Would you want to be a patient riding in a driverless ambulance?
Would you want to an emergency dispatcher for a service that uses a driverless ambulance?
EMS has come a long way in the past 50+ years, but are we ready to hitch our transport system to an automated ambulance even if it meant double the paramedic care in the back of the ambulance (since neither would be needed for the driving)?
It’s something to think about, particularly since the driverless concept is getting lots of attention in all types of road transportation, including EMS.
If the idea seems a little unsettling, however, you’re not alone.
Researchers at Embry-Riddle Aeronautical University and Florida Institute of Technology found consumers had mixed feelings about the prospect of riding in an automated ambulance. The norm of traditional ambulance configuration—driver in the front and paramedic in the back—was considered the better prospect during an emergency.1
Predictability tends to be important to people, said Scott Winter, an assistant professor of aviation science at Florida Tech who served as primary author of the team’s paper.2 A driverless ambulance could cause more strain on an already physically and emotionally compromised patient.
Two paramedics available to treat the patient en route might hold to the belief that more is always better, particularly with more hands on deck to perform critical interventions. Not everyone agrees. A study involving dual vs. single paramedic ambulances in Santa Cruz County by EMS Medical Director David Ghilarducci, M.D., cites a possibility of reduced survival rates with more hands on deck.3
In many respects, however, a driverless ambulance is inevitable. EMS ambulance providers look for innovative ways to streamline practices to reduce costs, particularly in light of decreased public and private reimbursement.4 Driverless ambulances could help cut expenses and keep ambulance services in business.
Secondly, autonomous systems are a solid part of EMS development. Autonomous system processes support, replicate, and, in some cases, replace human decision-making, and when ambulances are viewed in this context, EMS is already heading in a driverless direction (e.g., navigational aids, destination voice and data transmission systems). EMS has the technology (or, at least, EMS is certainly capable of getting the connectivity necessary), but it’s a change that must happen gradually. It’s a matter of changing the way we think about it and securely adapting to new paradigms.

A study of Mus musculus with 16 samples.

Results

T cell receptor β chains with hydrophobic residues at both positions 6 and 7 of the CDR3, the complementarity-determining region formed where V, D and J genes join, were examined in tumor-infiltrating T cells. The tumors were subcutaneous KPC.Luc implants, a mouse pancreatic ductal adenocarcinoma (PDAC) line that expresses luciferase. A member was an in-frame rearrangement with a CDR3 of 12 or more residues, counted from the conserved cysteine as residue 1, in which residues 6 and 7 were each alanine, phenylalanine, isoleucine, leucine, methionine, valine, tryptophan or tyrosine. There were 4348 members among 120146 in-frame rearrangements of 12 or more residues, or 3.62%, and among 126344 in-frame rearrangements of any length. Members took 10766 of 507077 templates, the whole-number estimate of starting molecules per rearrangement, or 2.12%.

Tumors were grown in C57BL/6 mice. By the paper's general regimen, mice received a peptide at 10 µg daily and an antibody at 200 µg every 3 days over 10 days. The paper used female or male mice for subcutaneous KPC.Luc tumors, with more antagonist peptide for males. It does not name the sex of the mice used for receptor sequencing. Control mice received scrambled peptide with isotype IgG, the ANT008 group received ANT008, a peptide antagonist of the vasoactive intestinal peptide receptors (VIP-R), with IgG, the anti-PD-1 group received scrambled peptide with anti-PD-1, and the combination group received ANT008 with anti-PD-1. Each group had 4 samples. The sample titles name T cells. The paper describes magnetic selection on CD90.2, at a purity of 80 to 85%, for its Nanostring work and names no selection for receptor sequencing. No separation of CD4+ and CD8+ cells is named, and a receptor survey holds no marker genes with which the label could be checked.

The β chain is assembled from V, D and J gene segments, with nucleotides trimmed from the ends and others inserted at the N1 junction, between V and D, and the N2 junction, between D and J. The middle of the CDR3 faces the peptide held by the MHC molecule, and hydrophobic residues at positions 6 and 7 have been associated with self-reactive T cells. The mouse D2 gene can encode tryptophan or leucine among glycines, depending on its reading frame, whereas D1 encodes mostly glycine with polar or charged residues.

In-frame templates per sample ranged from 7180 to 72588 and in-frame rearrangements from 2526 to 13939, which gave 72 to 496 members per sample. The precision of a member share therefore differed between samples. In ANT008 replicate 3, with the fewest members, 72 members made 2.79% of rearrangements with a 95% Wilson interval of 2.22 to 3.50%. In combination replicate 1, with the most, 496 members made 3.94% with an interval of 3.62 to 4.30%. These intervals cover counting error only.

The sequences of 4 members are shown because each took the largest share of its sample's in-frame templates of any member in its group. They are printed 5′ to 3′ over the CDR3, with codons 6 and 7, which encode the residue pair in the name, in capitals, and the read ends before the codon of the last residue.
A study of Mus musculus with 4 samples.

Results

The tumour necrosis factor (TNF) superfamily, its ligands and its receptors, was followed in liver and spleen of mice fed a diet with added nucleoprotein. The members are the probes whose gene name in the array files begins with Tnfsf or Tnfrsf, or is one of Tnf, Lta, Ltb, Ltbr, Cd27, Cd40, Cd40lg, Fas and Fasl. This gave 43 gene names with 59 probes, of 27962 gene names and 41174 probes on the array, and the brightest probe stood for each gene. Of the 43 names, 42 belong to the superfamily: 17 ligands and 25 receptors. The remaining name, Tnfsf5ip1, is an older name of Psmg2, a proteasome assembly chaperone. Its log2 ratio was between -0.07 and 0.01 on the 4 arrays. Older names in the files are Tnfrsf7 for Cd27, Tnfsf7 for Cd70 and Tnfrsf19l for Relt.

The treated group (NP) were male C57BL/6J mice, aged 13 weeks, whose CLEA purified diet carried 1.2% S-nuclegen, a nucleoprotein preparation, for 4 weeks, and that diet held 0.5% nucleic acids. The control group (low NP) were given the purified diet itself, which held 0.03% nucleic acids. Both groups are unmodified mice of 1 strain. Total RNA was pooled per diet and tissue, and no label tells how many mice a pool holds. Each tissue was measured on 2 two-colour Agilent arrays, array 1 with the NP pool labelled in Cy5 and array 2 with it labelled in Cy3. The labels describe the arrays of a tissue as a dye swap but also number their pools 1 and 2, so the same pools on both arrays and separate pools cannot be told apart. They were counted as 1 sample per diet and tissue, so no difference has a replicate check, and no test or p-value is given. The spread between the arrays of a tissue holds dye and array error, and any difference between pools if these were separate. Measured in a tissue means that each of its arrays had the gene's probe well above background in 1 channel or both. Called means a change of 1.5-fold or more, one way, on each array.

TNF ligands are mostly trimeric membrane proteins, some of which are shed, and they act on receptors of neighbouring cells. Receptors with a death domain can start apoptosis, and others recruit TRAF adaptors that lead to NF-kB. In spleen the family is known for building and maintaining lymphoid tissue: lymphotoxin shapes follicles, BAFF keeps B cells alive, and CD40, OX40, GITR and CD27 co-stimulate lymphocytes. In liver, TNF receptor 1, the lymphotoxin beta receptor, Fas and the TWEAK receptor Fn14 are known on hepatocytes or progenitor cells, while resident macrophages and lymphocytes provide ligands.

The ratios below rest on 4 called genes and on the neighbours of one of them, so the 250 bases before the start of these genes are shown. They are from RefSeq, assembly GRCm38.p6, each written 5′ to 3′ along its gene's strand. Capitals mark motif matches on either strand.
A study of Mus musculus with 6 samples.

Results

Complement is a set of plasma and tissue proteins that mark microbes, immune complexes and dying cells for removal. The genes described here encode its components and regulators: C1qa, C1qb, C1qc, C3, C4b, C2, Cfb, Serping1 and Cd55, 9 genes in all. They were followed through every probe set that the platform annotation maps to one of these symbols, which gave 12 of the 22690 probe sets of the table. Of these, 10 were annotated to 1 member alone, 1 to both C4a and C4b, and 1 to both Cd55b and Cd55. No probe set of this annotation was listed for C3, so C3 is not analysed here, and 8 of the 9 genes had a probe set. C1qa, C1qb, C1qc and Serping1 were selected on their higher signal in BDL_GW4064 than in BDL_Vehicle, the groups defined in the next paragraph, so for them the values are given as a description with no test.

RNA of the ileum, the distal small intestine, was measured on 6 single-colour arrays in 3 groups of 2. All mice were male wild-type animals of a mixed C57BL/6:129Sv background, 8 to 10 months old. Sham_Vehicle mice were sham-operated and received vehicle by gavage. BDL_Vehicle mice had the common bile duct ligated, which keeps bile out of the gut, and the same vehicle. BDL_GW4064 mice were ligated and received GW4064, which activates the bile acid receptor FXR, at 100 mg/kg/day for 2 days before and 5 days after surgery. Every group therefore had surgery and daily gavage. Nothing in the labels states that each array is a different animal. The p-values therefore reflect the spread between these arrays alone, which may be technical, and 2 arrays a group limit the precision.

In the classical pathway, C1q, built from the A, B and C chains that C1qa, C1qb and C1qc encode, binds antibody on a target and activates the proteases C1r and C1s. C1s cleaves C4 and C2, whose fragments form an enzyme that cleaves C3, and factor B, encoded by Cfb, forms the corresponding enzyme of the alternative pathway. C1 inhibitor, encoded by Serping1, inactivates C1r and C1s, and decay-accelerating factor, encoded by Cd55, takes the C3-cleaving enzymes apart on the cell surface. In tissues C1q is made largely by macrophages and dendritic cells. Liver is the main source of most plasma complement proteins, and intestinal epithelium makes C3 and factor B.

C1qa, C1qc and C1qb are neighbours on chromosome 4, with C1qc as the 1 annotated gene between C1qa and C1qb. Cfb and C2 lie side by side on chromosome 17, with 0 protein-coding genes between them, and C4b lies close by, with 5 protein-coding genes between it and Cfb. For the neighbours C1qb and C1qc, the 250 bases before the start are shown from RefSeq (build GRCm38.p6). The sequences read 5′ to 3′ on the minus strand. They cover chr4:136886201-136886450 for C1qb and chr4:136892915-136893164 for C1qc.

A driverless ambulance isn’t the only solution for cost savings in EMS.
For example, drones already deliver AEDs to remote locations. Their use could be expanded to the delivery of medical equipment to remote locations, with patient care instructions available through the emergency dispatch center.
The Emergency Communication Nurse System™ (ECNS™) could be central to such an operation, with the Emergency Communication Nurse (ECN) at the communication center coordinating both the care and necessary medical supplies. If an ambulance is necessary for patient care and transport, drones could drop medical equipment at a specified zone prior to an ambulance’s arrival for immediate treatment.
I like the ECN and drone scenario, and it’s not because I work here. A professional driver at the communication center is the perfect hitch for my health care.
1 “Patient Perceptions on the Use of an Auto-piloted Emergency Medical Transport.” Embry-Riddle Aeronautical University/Florida Institute of Technology. 2017; March 6. https://newsroom.fit.edu/2017/03/07/autonomous-ambulances/ (accessed Feb. 23, 2018).
2 “New Study Shows Skepticism About Driverless Ambulances.” Florida Institute of Technology. 2017; March 7. https://newsroom.fit.edu/2017/03/07/autonomous-ambulances/ (accessed Feb. 23, 2018).
3 Ghilarducci D. “Dual Paramedic vs. Single Paramedic Ambulances in Santa Cruz County.” Santa Cruz Health. 2017; Feb. 20. http://www.santacruzhealth.org/Portals/7/Pdfs/EMS/2017%20Paramedic%20Staffing%20FInal.pdf (accessed Feb. 23, 2018).
4 National Academy of Science. “Emergency Medical Services at the Crossroads.” Committee on the Future of Emergency Care in the United States Health System. 2007. https://www.nap.edu/read/11629/chapter/1 (accessed Feb. 27, 2018).